Artificial intelligence (AI) chatbots are “highly vulnerable” to prompts for harmful outputs, new research has found. 

The research by the UK AI Safety Institute (AISI) revealed “basic jailbreaks” can bypass large language models (LLMS) security guardrails. 

Testing five LLMs, the study saw models issue harmful content even without “dedicated attempts to beat their guardrails”.

These security measures are designed so to avoid the model issues toxic or dangerous content even when prompted to do so. 

“All tested LLMs remain highly vulnerable to basic jailbreaks, and some will provide harmful outputs even without dedicated attempts to circumvent their safeguards,” AISI researchers said. 

The team used questions from an academic paper as well as their harmful prompts, which included asking the system to generate text on convincing users to commit suicide to an article suggesting the Holocaust didn’t happen. 

Although the tested models remain unnamed, the government has confirmed they are in the public use.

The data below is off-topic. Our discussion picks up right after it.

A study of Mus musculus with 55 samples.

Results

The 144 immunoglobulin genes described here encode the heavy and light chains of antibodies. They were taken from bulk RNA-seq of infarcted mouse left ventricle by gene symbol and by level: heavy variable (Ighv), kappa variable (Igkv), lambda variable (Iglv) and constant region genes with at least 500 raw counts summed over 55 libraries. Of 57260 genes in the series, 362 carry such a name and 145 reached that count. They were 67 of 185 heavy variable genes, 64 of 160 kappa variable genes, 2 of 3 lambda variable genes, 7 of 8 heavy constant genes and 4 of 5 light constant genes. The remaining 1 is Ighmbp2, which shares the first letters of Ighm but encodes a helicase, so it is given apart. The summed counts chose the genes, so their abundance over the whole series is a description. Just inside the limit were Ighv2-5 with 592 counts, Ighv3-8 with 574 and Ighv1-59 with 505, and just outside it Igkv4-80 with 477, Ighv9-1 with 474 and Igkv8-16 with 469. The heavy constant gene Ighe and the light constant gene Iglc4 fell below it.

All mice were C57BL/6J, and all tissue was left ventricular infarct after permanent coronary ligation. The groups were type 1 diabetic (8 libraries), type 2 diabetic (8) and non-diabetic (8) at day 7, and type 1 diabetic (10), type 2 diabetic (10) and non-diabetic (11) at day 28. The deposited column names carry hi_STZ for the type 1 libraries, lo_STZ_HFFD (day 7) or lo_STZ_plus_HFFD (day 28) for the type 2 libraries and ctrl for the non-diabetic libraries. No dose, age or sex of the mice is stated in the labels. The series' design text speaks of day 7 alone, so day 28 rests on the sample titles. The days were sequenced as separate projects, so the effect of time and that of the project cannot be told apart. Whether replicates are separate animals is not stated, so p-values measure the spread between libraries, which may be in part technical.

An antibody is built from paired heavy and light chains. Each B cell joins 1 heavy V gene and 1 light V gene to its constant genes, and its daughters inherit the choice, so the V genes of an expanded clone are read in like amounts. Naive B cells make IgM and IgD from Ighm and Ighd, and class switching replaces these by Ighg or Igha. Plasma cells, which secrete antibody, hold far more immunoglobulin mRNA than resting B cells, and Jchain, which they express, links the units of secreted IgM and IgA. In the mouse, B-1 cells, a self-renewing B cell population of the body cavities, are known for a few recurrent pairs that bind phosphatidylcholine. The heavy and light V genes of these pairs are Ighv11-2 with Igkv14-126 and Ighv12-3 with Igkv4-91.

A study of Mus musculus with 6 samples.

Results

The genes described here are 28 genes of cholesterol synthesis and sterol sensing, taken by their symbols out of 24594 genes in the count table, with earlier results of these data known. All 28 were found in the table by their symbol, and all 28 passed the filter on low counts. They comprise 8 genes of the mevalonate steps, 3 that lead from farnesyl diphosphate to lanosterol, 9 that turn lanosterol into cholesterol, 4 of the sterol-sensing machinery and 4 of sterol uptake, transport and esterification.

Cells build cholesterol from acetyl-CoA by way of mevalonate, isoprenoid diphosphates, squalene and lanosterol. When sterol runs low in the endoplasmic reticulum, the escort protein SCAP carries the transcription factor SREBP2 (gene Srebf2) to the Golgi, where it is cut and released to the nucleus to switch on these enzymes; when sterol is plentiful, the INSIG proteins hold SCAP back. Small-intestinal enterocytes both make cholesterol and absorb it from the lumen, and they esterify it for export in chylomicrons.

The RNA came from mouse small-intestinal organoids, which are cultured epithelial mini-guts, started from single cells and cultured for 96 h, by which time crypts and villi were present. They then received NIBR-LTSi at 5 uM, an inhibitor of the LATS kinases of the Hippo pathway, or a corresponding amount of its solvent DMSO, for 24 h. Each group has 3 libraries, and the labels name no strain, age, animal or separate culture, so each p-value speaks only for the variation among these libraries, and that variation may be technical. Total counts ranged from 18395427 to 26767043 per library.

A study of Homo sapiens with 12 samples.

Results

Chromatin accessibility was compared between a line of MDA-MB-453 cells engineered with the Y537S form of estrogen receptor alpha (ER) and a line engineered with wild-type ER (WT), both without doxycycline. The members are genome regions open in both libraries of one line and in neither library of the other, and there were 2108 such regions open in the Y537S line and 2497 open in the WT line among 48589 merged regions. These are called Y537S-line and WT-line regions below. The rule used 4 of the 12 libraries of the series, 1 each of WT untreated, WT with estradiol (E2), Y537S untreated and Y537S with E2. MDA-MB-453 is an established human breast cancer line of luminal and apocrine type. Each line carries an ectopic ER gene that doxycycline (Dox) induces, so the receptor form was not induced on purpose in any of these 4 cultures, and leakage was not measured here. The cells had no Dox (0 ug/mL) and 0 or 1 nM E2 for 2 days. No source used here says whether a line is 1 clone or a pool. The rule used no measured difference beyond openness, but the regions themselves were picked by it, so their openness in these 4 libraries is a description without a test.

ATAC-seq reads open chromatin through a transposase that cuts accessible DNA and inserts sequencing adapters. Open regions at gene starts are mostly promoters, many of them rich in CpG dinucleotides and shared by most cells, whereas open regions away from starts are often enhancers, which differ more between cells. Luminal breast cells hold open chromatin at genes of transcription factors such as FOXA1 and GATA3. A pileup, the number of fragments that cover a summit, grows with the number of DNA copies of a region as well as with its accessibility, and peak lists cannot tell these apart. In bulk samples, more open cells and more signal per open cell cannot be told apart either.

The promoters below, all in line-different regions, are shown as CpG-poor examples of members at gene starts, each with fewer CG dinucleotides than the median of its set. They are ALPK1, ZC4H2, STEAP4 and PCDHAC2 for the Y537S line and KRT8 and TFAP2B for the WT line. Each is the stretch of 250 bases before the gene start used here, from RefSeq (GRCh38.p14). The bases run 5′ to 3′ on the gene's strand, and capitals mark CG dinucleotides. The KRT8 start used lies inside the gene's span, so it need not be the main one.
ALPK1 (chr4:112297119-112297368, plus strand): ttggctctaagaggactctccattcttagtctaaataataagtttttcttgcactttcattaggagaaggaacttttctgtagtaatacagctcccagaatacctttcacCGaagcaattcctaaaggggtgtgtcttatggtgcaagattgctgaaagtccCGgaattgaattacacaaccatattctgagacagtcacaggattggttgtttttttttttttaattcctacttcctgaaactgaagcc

The announcement comes after LLM developers have pledged to ensure the safe use of AI. Last year, OpenAI, which owns ChatGPT, announced its approach to AI safety and said it does not permit its technology to be used “to generate hateful, harassing, violent or adult content”. 

Meanwhile, Meta’s Llama 2 model has undergone testing to “identify performance gaps and mitigate potentially problematic responses in chat use cases” and Google has said its Gemini model has built-in safety filters to prevent toxic language and hate speech.

Other findings showed the LLMs hold expert-level knowledge of chemistry and biology but struggle with cybersecurity challenges aimed at university students.

The LLMs also struggled to complete sequences of actions for complex tasks, without human oversight.

The research comes as the UK is set to co-host the second global AI summit in Seoul. 

The first summit was held at Bletchley Park in November and saw the first-ever international declaration to deal with AI.  

The AISI also announced plans to open its first overseas in San Francisco, where major AI firms such as Open AI and Anthropic are based.